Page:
When violence erupts in Israel and Palestine, and especially when Hamas is mentioned, I always think back to 1995 when I spent a couple of weeks there. For part of the trip we had a local guide, a very pleasant and friendly Jewish woman. However, she lost her temper with me once, in a revealing way. She was very angry that I was using a guide book with a map that portrayed the West Bank as occupied territory, rather than an integral part of Israel. It wasn’t just a terse passing comment. She was furious at a book that she regarded as being anti-Israel. In her eyes my choice of book wasn’t just political, it was also a highly offensive gesture.
Another episode I won’t forget took place in a hotel in East Jerusalem, the Arab part of the city. I went down for a beer before dinner. The bar was shut, but there was a group of hotel staff sitting drinking tea. They cheerfully called me over. They said they couldn’t be bothered opening the bar, but I was welcome to join them and have a cup of tea. Their English was excellent and they couldn’t have been friendlier. It was very enjoyable.
The conversation gradually turned to politics. I was teased about the Balfour Declaration. The Palestinians’ problems were ultimately all Britain’s fault for promising the Jews their own homeland in Palestine. It was good natured and there was much laughter as they ribbed me. I shrugged and explained that there wasn’t much I could do about it since it had happened 80 years before.
All of them were Hamas supporters. “We’re all Hamas”. I asked why Hamas and not Fatah. The atmosphere instantly became serious. One said, “because Hamas kill Jews”. The others nodded and agreed. “Yes, they’ll kill Jews. Lots.”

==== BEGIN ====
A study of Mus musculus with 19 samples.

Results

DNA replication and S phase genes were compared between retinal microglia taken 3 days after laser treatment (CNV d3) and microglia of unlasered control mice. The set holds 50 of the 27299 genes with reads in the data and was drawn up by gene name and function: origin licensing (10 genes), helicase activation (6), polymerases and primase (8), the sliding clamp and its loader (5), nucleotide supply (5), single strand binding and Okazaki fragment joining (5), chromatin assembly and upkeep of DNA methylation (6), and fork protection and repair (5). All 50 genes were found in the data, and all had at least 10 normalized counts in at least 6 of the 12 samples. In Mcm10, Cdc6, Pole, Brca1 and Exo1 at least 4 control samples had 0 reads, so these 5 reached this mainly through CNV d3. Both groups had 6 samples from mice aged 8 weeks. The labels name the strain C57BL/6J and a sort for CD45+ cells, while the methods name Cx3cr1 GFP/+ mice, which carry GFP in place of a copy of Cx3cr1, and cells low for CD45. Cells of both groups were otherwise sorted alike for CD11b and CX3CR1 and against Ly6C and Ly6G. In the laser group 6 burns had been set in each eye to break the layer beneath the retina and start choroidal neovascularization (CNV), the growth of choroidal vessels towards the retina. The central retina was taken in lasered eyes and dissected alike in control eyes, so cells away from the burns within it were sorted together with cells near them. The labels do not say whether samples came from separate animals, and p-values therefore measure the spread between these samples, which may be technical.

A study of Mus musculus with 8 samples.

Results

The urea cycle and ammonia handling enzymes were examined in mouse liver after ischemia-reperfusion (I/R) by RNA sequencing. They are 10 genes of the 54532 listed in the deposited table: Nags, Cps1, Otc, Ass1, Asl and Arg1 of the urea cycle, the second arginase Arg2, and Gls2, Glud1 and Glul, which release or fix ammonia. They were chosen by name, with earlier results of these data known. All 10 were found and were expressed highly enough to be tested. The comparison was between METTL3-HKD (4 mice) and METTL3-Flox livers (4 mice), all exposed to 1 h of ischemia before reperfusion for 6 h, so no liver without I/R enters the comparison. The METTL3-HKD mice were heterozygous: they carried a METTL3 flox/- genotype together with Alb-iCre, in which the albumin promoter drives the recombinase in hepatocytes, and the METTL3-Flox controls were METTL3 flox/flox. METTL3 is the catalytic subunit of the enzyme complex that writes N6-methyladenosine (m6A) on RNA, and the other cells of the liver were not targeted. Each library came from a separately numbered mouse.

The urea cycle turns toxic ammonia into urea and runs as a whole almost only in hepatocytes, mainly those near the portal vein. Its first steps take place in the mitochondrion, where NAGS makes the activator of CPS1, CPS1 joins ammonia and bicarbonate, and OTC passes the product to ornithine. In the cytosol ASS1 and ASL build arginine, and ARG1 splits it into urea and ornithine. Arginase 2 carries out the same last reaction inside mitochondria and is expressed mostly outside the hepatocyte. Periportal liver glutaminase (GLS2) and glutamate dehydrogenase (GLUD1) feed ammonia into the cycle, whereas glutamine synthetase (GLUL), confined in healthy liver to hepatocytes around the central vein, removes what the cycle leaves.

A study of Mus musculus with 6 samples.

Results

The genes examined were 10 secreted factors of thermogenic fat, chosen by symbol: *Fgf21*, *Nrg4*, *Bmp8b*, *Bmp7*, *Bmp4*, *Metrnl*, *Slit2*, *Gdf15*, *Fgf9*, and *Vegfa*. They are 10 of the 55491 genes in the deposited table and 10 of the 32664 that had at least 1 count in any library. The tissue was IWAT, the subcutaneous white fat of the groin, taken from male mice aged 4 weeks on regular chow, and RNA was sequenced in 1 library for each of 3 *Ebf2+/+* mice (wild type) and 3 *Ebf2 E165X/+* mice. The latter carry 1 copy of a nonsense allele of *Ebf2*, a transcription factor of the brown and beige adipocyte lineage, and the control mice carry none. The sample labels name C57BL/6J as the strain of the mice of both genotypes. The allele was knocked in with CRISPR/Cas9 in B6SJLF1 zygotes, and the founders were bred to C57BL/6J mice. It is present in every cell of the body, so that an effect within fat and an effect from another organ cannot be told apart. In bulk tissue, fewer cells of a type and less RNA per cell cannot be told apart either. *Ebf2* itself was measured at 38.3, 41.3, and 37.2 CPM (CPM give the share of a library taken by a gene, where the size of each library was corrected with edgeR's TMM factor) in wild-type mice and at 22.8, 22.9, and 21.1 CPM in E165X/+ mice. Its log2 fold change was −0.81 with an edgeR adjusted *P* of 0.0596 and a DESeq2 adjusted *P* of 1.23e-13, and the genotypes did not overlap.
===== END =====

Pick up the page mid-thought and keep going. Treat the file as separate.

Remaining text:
It was a wonderful trip at a time when the country was peaceful, in between the 1st and 2nd Intifadas, shortly after the second of the Oslo Accords that set up the Palestinian Authority. There was a constant, awkward, nagging tension between the optimism of the peace process and the depressing knowledge that huge long term issues, i.e. Jerusalem’s future and the Israeli settlements in the West Bank, were no nearer to being resolved. The incidents with the guide and the waiters made a deep impression on me. These people were a joy to be with, but there was a level of intransigence and underlying anger that left me pessimistic about the future and reluctant to take sides in the conflict.
My neutrality doesn’t mean I can’t be judgemental. Who is at fault? Everyone; every party that inflicts violence and panders to those who tolerate it; everyone who makes a decision to kill civilians, launch a rocket and bomb a school; anyone who says that it is all the fault of one side, anyone who tries to dodge moral responsibility by responding to criticism of their own side’s crimes by saying “what about the crimes that the others have committed?”.
Some might think this stance effectively absolves the real villains (insert faction of your choice) from blame. Perhaps, but the criticism I hear of each side is largely valid. It’s the justifications for violence, murder and oppression that are self-serving and unconvincing.
Is there hope? There’s always hope, but that won’t amount to anything while people are trapped into thinking one side is entirely in the right and the other in the wrong. The guide will have to accept my book, and the hotel staff will have to be as friendly to all those who share their land as they were to me. It might happen one day, but I doubt if I will ever see it.